But, there will be some changes during the fair this year, including requiring attendees to wear wrist bands indicating they signed a COVID-19 waiver for anyone on the fairgrounds, said Ryan Samples, vice president of the Cassia County Fair Board.

“The county commissioners made the strictest rules,” Samples said.

The Cassia County Commissioners issued a list of safety precautions for fair week that is on the fair website.

The carnival was also cancelled.

“We felt like we couldn’t control the carnival enough to meet the safety standards the commissioners wanted,” Samples said.

Michelle Campbell, who oversees the ticket booth during the fair, said people can go online and click on the tickets icon to access the waiver, and then they can pick up the band at the booth when they arrive.

“It’s nice that people can get the band in advance and they don’t have to stand in line,” Samples said.

Waivers for fairgoers

Fairgoers will have to sign a waiver concerning COVID-19 to gain entrance into the fair this year. Photo taken Thursday in Burley.

People can also sign the waiver and get the band at the fairgrounds.

“If people get rodeo or concert tickets, the waiver is included with those,” Campbell said.

The waiver, Campbell said, is just to make sure the attendee understands that there could be a health risk by attending the fair.

The parade, which starts at 10:30 a.m. Wednesday, Aug. 19, will also be shown on the fair’s Facebook page.

“We don’t want anyone who is nervous to attend the parade to miss out,” Campbell said.

An online vote for spectator’s favorite floats will also be held.

The commissioners’ safety precautions state that there will be no parade hand-outs and candy will not be thrown during the parade.

Social distancing will be required during the parade entries line-up, she said.

Samples said masks for fair and rodeo attendees will be encouraged and mandatory for all fair volunteers.

People should bring their own masks.

“But, masks will be available for people who don’t have them,” said Samples.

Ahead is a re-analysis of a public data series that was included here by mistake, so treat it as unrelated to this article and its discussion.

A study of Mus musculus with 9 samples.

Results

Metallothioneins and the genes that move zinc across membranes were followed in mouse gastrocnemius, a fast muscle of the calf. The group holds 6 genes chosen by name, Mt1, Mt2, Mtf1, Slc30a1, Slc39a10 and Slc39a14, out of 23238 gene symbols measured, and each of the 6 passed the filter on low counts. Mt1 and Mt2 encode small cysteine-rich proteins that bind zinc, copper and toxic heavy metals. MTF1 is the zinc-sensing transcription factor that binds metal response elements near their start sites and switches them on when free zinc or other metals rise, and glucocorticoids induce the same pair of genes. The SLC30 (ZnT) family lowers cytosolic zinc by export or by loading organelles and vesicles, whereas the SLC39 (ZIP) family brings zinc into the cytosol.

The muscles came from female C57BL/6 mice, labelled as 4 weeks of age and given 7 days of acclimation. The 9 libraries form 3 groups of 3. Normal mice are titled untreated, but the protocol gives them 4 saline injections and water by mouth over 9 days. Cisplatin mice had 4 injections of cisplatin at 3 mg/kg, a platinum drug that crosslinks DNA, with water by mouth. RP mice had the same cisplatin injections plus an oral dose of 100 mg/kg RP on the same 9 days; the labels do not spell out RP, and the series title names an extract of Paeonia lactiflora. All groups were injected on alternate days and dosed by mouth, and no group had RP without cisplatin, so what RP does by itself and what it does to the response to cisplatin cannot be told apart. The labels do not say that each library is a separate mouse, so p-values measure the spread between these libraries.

The concert this year will be held on Saturday, Aug. 15, and will feature Neil McCoy.

The rodeo, held on two nights, is expected to draw 500 to 600 participants.

“Because so many rodeos were cancelled this year, the cowboys are hunting rodeos,” Samples said. “It may be the best rodeo we’ve ever had.”

Horse racing and the 4-H shows will still be held.

The livestock sale will be limited to buyers only and adults do not have to wear a mask, but the youth will be encouraged to wear masks.

Health screenings will be performed on volunteers, which include a temperature check and questionnaire.

“We thought we’d try and do that for people,” Samples said.

There will be hand sanitizer stations throughout the fair and extra cleaning of the bathrooms, picnic tables and other high-use areas.

“We asked all the vendors not to put any condiments out. If someone wants condiments the vendor will have to put them on. It’s just a small change,” Samples said.

There will be the usual number of vendors and although some pulled out like church groups, others stepped in to take their place.

The Soroptimist International club decided not to run the scone booth this year, but another group will be selling maple bars, he said.

The commercial building is also full of vendors, he said.

The hard costs of the extra virus precautions, which include hand sanitizer, waiver bands and 15,000 face masks, are expected to come in at $10,000, which doesn’t include the extra cleaning labor and supplies.

Samples said the fair board hopes to recoup some of those costs through available grants.

“If you feel you are at risk,” Samples said, “then the fair is not the place to be. We are doing what we can to make people feel safe.”